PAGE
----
Using the system
The first challenge to using the Digital Zone System is to develop an understanding of what a mid-tone gray looks like in a color world. Here are some real world examples of things that approximate a middle gray: gray stone, dark skin (average Caucasian skin meters to Zone 6 or one f-stop lighter than middle gray).
Once you've decided what part of the scene is a middle gray, you can compare other values and establish the tonal range of the image. If you find it is within the capabilities of the camera (usually about 6 f-stops difference between brightest highlight and darkest shadow) you're good to go.
The system also lets you control the tonal relationships. Rather than relying on the overall exposure of the scene to determine your settings, you identify the middle tone of the scene and expose that to middle gray if appropriate. (This works for an average scene.) When dealing with something more unusual, say a field after a snowstorm, the Digital Zone System really pays off. Here you'll consider the tonal range of the scene and decide which zone you want to put different elements in.
Another consideration of the Zone System is manipulating exposure as the photographer makes the image. Here, the photographer decides what's most important in the scene and then determines which zone that element should be placed in. The photographer then visualizes what zones the other elements of the scene fall into (extrapolating the shift in tonality accordingly).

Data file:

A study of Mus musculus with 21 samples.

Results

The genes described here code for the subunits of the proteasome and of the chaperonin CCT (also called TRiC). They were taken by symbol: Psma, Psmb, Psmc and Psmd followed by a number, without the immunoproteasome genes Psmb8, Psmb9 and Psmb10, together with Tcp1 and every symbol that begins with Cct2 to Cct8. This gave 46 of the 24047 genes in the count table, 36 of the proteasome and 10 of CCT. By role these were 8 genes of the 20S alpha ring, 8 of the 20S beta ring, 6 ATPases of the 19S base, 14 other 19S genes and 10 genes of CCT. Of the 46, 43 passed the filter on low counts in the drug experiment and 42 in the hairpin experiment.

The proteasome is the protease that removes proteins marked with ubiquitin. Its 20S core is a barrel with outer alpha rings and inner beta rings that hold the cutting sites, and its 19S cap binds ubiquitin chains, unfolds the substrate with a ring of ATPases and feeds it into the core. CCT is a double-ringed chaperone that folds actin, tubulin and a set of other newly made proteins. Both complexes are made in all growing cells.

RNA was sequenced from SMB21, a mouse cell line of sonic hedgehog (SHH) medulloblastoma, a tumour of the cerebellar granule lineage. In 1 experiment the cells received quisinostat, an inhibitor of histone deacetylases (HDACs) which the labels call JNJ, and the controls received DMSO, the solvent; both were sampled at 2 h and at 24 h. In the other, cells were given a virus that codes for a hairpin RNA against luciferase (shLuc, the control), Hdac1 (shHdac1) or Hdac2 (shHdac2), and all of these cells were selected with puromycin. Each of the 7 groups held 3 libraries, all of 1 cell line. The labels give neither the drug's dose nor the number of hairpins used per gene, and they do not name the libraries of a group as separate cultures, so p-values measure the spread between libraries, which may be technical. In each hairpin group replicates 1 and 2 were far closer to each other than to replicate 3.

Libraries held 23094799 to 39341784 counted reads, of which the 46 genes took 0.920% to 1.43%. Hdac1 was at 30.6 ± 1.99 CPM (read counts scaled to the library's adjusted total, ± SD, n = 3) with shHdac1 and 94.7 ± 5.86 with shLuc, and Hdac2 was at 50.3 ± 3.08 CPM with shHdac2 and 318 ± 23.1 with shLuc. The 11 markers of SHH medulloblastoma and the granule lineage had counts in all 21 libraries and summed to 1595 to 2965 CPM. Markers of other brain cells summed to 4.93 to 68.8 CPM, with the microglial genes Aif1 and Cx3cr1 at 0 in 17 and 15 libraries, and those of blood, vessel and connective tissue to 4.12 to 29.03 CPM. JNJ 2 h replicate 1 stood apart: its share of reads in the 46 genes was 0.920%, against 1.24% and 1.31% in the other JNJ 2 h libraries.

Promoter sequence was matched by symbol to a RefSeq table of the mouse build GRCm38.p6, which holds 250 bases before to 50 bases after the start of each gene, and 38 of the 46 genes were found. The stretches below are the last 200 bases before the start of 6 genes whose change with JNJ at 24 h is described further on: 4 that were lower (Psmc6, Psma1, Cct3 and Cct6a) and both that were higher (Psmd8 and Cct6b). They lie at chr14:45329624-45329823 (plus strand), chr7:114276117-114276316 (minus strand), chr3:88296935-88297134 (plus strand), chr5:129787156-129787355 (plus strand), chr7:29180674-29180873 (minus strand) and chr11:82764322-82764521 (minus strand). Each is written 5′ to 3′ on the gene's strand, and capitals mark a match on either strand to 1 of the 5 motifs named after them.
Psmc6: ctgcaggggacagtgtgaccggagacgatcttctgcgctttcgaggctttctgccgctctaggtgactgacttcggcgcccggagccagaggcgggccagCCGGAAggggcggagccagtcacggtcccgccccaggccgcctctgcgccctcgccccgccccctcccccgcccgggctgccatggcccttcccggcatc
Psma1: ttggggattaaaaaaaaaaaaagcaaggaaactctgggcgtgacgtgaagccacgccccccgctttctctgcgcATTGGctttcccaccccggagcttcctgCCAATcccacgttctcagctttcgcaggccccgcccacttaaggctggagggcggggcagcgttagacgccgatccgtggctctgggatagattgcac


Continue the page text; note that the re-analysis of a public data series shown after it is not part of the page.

In this case, the photographer may meter a scene and find the most important element falls into Zone V. As part of his or her artistic vision, the shooter may decide that element needs to be rendered brighter (the eye is normally drawn to brighter objects) and will decide to place the element into Zone VI. He or she then needs to determine how this will affect the other elements of the photography. This step effectively over exposes the image based on a normal light meter reading. In Adams system, the photographer would then either over or under develop the negatives to boost or contract the tonal range and print on the particular paper he or she had determined would best render the image. With digital photography, the photographer make similar adjustments during RAW conversion (recommended) or through levels or curves adjustment layers in Photoshop. The idea of visualizing the final image before setting the camera's exposure controls is a fundamental aspect of the Zone System. It requires the photographer to look closely at the scene, recognize basic tonal values (not necessarily every value) and then imagine how the image would look if the exposure shifted the tonal range of the photo.